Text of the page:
Treasury note and bond prices ended basically unchanged yesterday in extremely light holiday trading.

In overseas action, the 30-year bond ended down 2/32, to yield 6.20%.

The cash market was closed in observance of Veterans Day. A general lack of liquidity or fresh news provided investors with little incentive to trade in the Treasury market, London-based traders said.

Most trades came at the hands of speculative accounts that bought and sold securities in an attempt to create some volatility in the market.

"It was a boring day, and there were no significant flows to speak of," said one head U.S. government securities trader in London. "With a holiday in the States and nothing to trade off of, we spent the day looking at charts."

Activity in the futures market was just as quiet. The December bond contract slipped lower at the opening and hovered at lower levels throughout the session.

The only economic report of consequence released yesterday was the Mortgage Bankers Association's weekly application index, which fell to 351.2 from 362.8 in the week ended Nov. 5. The association's purchase index fell to 172.3 from 176.2, and its refinancing index slid to 1282.5 from 1349.1.

The solid performance of the new purchase index in recent weeks supported recent evidence of a pickup in the housing sector, analysts said. But they noted that the release merely confirmed the findings of other reports, and did not say anything new about the economy.

The retail sales report is today's key focus. Forecasts for solid sales figures have already prompted some accounts to liquidate long positions.

Economists polled by The Bond Buyer generally expect a 1.0% pin in retail sales for October, a reading that they say would signal a continuation of better consumer spending activity.

Marilyn Schaja, a money market economist at Donaldson, Lufkin & Jenrette Securities Corp., forecasts that retail sales for October will jump 0.9% due to a spike in automobile sales. Excluding autos, Schaja predicts that retail sales rose by 0.4%, reflecting increasing sales of building materials and other durable goods.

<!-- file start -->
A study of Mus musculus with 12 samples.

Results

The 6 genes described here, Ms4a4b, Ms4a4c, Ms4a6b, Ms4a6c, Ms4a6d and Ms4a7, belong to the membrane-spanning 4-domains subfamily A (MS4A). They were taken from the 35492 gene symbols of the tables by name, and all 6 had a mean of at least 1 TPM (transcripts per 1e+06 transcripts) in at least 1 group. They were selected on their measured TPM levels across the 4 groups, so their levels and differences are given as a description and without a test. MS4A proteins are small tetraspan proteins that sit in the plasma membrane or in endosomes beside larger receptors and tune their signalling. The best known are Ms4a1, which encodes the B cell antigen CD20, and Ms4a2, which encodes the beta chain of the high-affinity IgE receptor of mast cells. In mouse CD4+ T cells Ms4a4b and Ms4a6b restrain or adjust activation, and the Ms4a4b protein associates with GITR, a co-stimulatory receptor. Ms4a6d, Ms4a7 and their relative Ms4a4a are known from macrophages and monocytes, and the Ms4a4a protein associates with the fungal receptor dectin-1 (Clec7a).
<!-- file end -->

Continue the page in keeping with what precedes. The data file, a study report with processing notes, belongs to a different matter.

Putting retail sales in perspective, Schaja said they increased by 3. 1 % so far this year compared to 5.0% during the same period last year. She said she believes retail sales will continue to increase during the current quarter, as the secondary effects of the increase in housing materialize, including purchases of furniture and appliance.

"A healthy rise in retail sales will fit with other signs of improvement in the economy," Schaja said. "I think the report will show that the low level of interest rates are helping some sectors of the economy."

In futures, the December contract ended down 19/32 to 115.25.

In the cash markets, the 3 7/8% two-year note was quoted late yesterday unchanged at 99.15-99.16 to yield 4.14%, the 4 3/4% five-year note ended down 2/32 at 98.16-98.18 to yield 5.08%, the 5 3/4% 10-year note was down 2/32 at 100.09-100.12 to yield 5.69%, and the 6 1/4% 30-year bond was down 2/32 at 100.15-100.19 to yield 6.20%.

The three-month Treasury bill was up one basis point at 3.12%, the six-month bill was up one basis point at 3.27%, and the year bill was up two basis points at 3.40%.